American Association for Cancer Research
00085472can202983-sup-250540_3_supp_7094192_qsjmg9.jpeg (263.14 kB)

Figure S3 from Diet Alters Entero-Mammary Signaling to Regulate the Breast Microbiome and Tumorigenesis

Download (263.14 kB)
posted on 2023-03-31, 04:25 authored by David R. Soto-Pantoja, Mohamed Gaber, Alana A. Arnone, Steven M. Bronson, Nildris Cruz-Diaz, Adam S. Wilson, Kenysha Y.J. Clear, Manuel U. Ramirez, Gregory L. Kucera, Edward A. Levine, Sophie A. Lelièvre, Lesley Chaboub, Akiko Chiba, Hariom Yadav, Pierre-Alexandre Vidi, Katherine L. Cook

Effect of PUFA on apical polarity in S1 acini. S1 cells cultured in 3D were treated following differentiation (days 8-12) with 10 μM of n-6 arachidonic acid (AA) or with vehicle (ethanol). (A) Representative confocal images of acini treated with vehicle or arachidonic acid (AA) and stained for ZO-1. DAPI was used to counterstained nuclei. Arrows point at nonpolarized ZO-1 and the dashed circle outlines the location of apical ZO-1. (B) Bar graph of the percentages of acini with apically polarized ZO-1 following treatments with vehicle or AA. **p < 0.01. Size bar, 5 μm


Chronic Disease Research Fund

American Cancer Society Research Scholar

Komen Foundation

American Institute for Cancer Research


Department of Defense Breast Cancer Research Program

National Cancer Center's Comprehensive Cancer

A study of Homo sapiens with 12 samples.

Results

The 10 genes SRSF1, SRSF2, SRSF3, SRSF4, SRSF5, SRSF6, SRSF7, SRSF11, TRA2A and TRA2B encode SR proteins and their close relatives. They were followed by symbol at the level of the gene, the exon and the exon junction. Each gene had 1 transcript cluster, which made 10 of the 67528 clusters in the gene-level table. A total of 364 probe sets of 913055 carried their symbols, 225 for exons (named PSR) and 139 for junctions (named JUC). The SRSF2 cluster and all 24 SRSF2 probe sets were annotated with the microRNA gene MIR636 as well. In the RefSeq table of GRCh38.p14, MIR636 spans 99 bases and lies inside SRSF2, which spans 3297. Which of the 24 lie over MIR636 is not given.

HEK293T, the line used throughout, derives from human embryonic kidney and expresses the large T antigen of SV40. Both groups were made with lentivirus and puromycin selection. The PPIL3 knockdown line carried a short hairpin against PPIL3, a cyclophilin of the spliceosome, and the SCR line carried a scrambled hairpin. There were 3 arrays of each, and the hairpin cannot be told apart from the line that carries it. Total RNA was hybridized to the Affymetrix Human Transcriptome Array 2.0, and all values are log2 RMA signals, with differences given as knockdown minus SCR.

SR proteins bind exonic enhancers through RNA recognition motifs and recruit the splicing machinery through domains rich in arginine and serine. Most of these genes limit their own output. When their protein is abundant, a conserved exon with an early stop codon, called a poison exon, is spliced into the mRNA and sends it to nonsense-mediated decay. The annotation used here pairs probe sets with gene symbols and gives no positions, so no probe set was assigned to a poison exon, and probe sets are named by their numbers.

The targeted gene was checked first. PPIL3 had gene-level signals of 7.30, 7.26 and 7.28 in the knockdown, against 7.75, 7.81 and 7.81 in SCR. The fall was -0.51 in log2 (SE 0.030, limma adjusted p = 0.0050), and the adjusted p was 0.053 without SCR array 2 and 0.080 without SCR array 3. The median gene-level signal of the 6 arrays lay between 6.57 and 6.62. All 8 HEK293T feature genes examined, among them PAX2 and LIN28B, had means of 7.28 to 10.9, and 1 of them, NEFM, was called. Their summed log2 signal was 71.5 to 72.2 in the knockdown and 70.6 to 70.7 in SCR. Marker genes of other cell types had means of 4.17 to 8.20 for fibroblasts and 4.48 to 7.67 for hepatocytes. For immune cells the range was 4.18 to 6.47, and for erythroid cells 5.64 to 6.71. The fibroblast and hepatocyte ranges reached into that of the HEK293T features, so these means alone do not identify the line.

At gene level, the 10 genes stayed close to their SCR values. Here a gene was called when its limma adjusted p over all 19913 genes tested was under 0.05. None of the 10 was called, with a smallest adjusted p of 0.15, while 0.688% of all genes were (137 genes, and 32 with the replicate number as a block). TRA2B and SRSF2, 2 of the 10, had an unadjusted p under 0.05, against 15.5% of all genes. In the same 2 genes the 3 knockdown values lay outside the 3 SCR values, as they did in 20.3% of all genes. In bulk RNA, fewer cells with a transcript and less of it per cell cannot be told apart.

Obesity and poor diet often go hand-in-hand, altering metabolic signaling and thereby impacting breast cancer risk and outcomes. We have recently demonstrated that dietary patterns modulate mammary microbiota populations. An important and largely open question is whether the microbiome of the gut and mammary gland mediates the dietary effects on breast cancer. To address this, we performed fecal transplants between mice on control or high-fat diets (HFD) and recorded mammary tumor outcomes in a chemical carcinogenesis model. HFD induced protumorigenic effects, which could be mimicked in animals fed a control diet by transplanting HFD-derived microbiota. Fecal transplants altered both the gut and mammary tumor microbiota populations, suggesting a link between the gut and breast microbiomes. HFD increased serum levels of bacterial lipopolysaccharide (LPS), and control diet–derived fecal transplant reduced LPS bioavailability in HFD-fed animals. In vitro models of the normal breast epithelium showed that LPS disrupts tight junctions (TJ) and compromises epithelial permeability. In mice, HFD or fecal transplant from animals on HFD reduced expression of TJ-associated genes in the gut and mammary gland. Furthermore, infecting breast cancer cells with an HFD-derived microbiome increased proliferation, implicating tumor-associated bacteria in cancer signaling. In a double-blind placebo-controlled clinical trial of patients with breast cancer administered fish oil supplements before primary tumor resection, dietary intervention modulated the microbiota in tumors and normal breast tissue. This study demonstrates a link between the gut and breast that mediates the effect of diet on cancer. This study demonstrates that diet shifts the microbiome in the gut and the breast tumor microenvironment to affect tumorigenesis, and oral dietary interventions can modulate the tumor microbiota in patients with breast cancer.